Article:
Online car retailer Cazoo is performing a u-turn out of its mainland European business in a move to focus solely on the UK.
The firm, founded by serial entrepreneur Alex Chesterman, has said it will be pulling out of Germany and Spain, and that it is in consultation with employee representatives in France and Italy about winding down its businesses there.
The move comes after Cazoo launched a strategic review of its business aimed at identifying a way of maintaining profitability and preserving cash without the need to raise external funding.
Now the company will focus on the UK car market, which it said saw 8 million tranactions a year at a value of £100 billion.
The price of second-hand cars has rocketed in recent years, and particularly during the pandemic, during which global supply chain problems hampered new car production, in turn leading to used car prices spiralling.
Data from Moneybarn showed that the price of some used cars had risen by around a quarter in the past year, with the price of a Vauxhall Astra jumping 26.7% to £24,315 in just 12 months, and its Sports Tourer sibling rising 23.6% to £25,515 in the same period.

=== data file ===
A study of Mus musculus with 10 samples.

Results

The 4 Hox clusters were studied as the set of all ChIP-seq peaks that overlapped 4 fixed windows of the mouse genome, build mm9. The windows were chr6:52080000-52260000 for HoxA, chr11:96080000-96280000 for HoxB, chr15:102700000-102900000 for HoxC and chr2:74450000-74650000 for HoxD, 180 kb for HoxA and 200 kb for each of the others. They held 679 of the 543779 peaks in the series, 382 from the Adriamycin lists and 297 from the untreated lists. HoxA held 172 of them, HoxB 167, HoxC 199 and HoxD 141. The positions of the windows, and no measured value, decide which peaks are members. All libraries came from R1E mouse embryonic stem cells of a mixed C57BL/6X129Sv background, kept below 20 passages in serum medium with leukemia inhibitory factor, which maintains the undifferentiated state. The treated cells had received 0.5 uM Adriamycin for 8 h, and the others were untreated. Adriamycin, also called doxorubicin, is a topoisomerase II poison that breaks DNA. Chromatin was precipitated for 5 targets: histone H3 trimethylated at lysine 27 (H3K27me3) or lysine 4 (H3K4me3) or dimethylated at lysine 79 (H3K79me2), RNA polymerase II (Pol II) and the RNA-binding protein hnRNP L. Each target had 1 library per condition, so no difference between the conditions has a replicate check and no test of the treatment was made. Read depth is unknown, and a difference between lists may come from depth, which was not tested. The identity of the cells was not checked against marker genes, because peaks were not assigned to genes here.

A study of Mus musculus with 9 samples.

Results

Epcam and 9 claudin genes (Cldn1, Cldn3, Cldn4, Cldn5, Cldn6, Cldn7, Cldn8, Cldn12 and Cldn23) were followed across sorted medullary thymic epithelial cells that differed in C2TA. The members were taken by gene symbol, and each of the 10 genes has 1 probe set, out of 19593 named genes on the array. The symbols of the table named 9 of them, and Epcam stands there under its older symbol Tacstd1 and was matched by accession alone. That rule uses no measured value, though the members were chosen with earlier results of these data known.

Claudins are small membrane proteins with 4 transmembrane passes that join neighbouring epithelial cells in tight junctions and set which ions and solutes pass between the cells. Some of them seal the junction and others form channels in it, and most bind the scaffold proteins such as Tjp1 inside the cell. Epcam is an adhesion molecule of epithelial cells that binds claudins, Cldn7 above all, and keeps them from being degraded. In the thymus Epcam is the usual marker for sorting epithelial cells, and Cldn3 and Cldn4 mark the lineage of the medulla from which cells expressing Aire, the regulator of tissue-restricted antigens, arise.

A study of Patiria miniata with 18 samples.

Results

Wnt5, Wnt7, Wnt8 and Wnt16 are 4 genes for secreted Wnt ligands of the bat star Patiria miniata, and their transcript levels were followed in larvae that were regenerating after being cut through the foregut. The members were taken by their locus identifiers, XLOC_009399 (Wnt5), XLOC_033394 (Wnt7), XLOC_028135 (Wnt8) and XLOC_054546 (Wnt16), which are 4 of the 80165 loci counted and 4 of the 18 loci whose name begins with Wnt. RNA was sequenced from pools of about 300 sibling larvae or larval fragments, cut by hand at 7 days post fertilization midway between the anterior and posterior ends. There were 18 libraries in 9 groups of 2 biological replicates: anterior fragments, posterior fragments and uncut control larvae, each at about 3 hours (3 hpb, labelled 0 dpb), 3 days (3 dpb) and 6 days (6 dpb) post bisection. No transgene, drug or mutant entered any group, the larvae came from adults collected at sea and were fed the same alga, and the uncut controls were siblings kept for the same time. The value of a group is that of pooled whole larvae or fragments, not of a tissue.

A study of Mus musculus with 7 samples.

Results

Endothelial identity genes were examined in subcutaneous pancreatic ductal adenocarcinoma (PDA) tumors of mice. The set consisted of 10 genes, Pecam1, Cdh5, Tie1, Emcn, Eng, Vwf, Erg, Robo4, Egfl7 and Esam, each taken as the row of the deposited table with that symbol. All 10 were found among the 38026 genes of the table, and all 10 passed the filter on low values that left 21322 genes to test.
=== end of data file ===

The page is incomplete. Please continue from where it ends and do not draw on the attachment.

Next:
The Audi A4 Saloon, Porsche Cayman, Audi A4 Avant, Nissan Micra and Peugeot 308 SW have all seen their prices rise by around a fifth since 2021, Moneybarn added.
Cazoo said that its retail sales had more than doubled year-on-year in July and August despite the increasingly challenging economic backdrop, meaning it was confident of achieving its goal of securing 5% or more in terms of market share in the UK.
The company said it expected its European exit to achieve cash savings of more than £100m net of any wind down costs by the end of 2023.
The EU represented less than 10% of the company’s revenues, meaning the firm didn’t expect it to have a large impact on its 2022 revenue and unit targets.
Chesterman, who previously founded DVD rental firm Lovefilm and property website Zoopla, said focusing solely on the UK should still enable the company to achieve its goal of hitting profitability by the end of 2023.
“We have built a market leading platform, team, brand and infrastructure in the UK, where we have now sold over 90,000 retail units since launch, despite the challenging macroeconomic backdrop,” he said.
“The strong customer demand we are seeing in the core UK business gives us high confidence in the future opportunity and the decision we have taken today to withdraw from mainland Europe ensures that our balance sheet remains strong and that we have a plan which we believe no longer requires any further external funding.”